Certain people make you feel at ease no matter where you are - like that friend who assures you that you’re not the most underdressed person at the party, even though you totally are because you didn’t bother to read the invitation. Michael’s does this sort of thing too.
This place is surrounded by a jewelry store and more high-end labels than the Met Gala red carpet, which might give you that “underdressed” feeling. But after you walk into Michael’s, you see that no one cares who made your clothes or whether or not you want to buy the most expensive bottle on the menu. They just want to bring you some fantastic oysters and a cocktail.
Michael’s is one of the first places that made people want to eat in the Design District, and it’s still our favorite spot in the neighborhood. You’ll recognize just about everything on the menu: roasted cauliflower, stracciatella, octopus, pizza, burgers, deviled eggs, and snapper. It’s all familiar enough, which is refreshing in an area where most menus try harder to impress than an ex who just saw you from across the bar with a date.
But the food here is never boring. That stracciatella comes with peaches and olive oil, which is what you’ll wish all stracciatella came with after you try this. The octopus is roasted in a wood oven like a pizza until the tentacle is soft as mozzarella. Usually, the snapper is pulled out of Biscayne Bay that same morning, and it’s roasted until the skin is crispy and the inside is super tender.
There’s indoor and outdoor seating, both of which are good choices depending on whether it’s possible to sit outside for more than 60 minutes without bursting into flames. The dining room reminds us of a New York bistro, with lots of dark wood, dim lighting, and a long rectangular bar that fills up quick for their weekday Happy Hour from 4:30-7:30pm. But when it comes to brunch, we like to sit outside so we can watch the occasional passing Ferrari while eating our breakfast pizza or kimchi benedict with crispy pork belly.
No matter what meal brings you to Michael’s, though, we can pretty much guarantee two things will happen. The food you eat is going to be very good and - like your friend who convinced you that shorts are totally fine at a black-tie wedding - you’ll relax and stop worrying about anything that doesn’t immediately involve the cocktail and oysters in front of you.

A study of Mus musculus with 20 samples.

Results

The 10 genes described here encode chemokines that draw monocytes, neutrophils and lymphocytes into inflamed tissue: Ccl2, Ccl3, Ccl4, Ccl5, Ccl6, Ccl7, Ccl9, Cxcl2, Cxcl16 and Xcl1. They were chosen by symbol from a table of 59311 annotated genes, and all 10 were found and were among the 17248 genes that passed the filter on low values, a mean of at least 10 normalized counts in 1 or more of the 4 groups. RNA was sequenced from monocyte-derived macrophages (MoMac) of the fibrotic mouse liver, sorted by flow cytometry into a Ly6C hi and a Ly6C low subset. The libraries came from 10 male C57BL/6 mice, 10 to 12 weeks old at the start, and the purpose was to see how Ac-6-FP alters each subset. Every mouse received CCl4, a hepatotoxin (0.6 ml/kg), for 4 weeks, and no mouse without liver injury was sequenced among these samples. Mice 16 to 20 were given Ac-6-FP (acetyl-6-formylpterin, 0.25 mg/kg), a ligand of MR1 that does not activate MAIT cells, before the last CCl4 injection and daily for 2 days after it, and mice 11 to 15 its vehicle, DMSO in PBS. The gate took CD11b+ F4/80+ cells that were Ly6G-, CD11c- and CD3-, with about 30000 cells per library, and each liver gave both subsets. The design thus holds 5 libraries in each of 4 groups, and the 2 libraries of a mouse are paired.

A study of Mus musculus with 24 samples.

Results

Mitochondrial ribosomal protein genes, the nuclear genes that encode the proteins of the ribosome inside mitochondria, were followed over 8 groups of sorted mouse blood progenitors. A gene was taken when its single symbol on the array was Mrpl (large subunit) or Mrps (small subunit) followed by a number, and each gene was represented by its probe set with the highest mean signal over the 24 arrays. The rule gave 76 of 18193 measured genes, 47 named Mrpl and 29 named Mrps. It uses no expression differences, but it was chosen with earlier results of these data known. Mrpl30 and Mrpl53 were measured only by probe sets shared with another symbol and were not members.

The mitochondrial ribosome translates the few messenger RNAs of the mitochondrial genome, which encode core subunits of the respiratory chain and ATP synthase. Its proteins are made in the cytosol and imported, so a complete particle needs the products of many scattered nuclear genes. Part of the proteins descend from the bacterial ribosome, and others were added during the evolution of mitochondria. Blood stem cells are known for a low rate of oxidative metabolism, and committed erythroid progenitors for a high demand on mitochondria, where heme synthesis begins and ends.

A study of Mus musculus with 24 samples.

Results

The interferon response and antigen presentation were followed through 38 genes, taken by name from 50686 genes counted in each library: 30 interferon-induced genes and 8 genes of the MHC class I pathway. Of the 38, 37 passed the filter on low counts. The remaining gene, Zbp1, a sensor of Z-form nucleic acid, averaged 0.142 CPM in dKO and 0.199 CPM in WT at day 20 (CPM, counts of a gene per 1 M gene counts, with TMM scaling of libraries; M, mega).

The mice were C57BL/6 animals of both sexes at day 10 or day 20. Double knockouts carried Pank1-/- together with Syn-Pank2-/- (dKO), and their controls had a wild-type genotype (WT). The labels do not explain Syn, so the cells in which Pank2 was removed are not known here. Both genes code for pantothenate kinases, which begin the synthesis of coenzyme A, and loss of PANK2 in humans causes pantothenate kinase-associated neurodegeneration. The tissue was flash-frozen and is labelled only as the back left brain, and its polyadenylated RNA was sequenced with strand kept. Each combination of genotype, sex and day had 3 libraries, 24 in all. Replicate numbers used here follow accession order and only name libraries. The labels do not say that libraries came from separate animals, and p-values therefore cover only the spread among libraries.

Perhaps too many cheap, bland deviled eggs at company potlucks and family picnics have made us forget just how good these can be when done right. Michael’s are rich, seasoned perfectly, and worth ordering every time you’re here.
Peaches and cheese is not only a very good alias for two secret agents going undercover in Georgia, but these two things go great together - especially when the cheese is this soft and creamy and the peaches are in season.
The pork belly comes in a pretty thick cube. The skin is indeed very crispy and the pork itself is fatty and soft, like a good pork belly should be. The kimchi on the side is very mild though, and tastes more like a vinegary coleslaw.
This is essentially peeled strips of corn on the cob, arranged in a kind of twisted heap. Like most things on the menu, they’ve been wood-oven-roasted and then topped with chipotle crema, lime, and cilantro. They taste good but are just a bit confusing. We’re not totally sure why they just didn’t leave these cobs intact.
This head of cauliflower is slightly charred on the outside, nice and soft on the inside, and sitting on top of a tasty - but not very spicy - Thai chili sauce. If you like cauliflower, get it.
Octopus is on just about every menu in Miami and the universe in general and it’s probably only a matter of time before we see it rotating on those hot dog things in gas stations. However, this is quite good and cooked until it’s incredibly tender. Maybe it’s that wood oven, but this thing is like butter.
Snapper is usually a safe bet in this city, and Michael’s does it great in - once again - their wood oven, which deserves a raise because they are getting more than their money’s worth out of it. The best part of this is how crispy the skin gets without the meat getting overcooked.